The manner in which genes and traits are passed from parents to their children. The four modes of Mendelian inheritance are autosomal dominant, autosomal recessive, X-linked dominant and X-linked recessive.
The term “mendelian” refers to the great Austrian biologist Gregor Mendel (1822-84) who formulated the laws forming the foundation of classical genetics. Mendel was a monk whose controlled experiments with breeding peas in the monastery garden led him to conclude that the heritable units we now call genes were not blends of parental traits but separate physical entities passed individually in specific proportions from one generation to the next. Mendel’s discoveries were ignored for several decades, but other biologists finally recognized their significance early in the 20th century.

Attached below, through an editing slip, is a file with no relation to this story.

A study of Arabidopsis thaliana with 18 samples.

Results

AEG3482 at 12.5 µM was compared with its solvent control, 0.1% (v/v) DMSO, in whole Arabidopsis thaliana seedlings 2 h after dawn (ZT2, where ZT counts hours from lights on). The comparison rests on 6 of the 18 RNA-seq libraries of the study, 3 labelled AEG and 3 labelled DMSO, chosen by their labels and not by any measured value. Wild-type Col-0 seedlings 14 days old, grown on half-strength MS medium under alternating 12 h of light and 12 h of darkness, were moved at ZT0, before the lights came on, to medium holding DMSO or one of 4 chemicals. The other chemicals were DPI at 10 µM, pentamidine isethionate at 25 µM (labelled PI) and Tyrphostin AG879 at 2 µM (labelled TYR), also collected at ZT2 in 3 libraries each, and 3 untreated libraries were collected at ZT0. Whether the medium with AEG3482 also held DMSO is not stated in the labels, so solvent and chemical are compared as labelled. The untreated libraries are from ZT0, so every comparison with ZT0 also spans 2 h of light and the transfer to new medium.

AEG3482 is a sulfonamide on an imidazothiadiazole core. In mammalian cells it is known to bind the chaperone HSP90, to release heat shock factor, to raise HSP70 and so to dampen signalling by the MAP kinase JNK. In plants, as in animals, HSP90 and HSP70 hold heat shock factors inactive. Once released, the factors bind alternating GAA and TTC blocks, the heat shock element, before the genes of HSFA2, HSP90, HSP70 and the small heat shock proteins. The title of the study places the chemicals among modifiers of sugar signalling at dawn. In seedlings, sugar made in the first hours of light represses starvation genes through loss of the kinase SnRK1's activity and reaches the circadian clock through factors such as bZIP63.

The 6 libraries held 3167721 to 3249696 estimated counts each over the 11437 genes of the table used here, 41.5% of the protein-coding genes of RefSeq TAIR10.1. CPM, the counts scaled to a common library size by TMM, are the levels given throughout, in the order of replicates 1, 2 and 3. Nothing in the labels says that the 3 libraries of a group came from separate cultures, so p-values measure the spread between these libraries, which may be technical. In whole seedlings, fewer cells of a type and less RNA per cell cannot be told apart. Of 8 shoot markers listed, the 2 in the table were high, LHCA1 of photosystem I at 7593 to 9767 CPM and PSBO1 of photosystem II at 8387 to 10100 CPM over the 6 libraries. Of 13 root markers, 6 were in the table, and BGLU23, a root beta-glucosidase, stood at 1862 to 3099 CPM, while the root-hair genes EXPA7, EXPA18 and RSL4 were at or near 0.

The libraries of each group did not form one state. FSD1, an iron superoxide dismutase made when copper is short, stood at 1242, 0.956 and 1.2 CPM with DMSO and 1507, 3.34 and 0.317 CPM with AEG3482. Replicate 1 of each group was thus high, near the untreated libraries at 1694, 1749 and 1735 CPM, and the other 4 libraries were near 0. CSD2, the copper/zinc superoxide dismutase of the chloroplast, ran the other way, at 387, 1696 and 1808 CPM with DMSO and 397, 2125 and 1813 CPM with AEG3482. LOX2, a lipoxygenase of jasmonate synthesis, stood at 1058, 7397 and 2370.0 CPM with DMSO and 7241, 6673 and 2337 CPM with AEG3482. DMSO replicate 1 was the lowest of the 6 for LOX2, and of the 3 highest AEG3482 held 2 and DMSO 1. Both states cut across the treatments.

- Intracytoplasmic sperm injection (ICSI)
A test-tube fertilization procedure in which a sperm is injected directly into an egg to achieve fertilization. ICSI is done for male infertility. Babies conceived by ICSI have no more major birth defects or delays in development than children conceived by natural means.
In the skin. For example, an intradermal injection is given into the skin. Abbreviated ID.
- Intradiskal electrothermal therapy
A procedure designed to relieve back pain due to damage to the disks between the spine bones. Called IDET for short. Under local anesthesia and X-ray guidance, a needle is introduced into the disk and a catheter with a heating coil is inserted through the needle. The tip of the catheter is then gradually heated […]
- Intraductal carcinoma
A condition characterized by the proliferation of malignant cells in the lining of a breast duct without evidence of spreading outside the duct to other tissues in the breast or outside the breast. Also known as ductal carcinoma in situ, abbreviated DCIS. DCIS is clearly a precursor (forerunner) of invasive breast ‘cancer. DCIS originates in […]
- Intraductal papilloma
A benign, wart-like growth that occurs in breast ducts.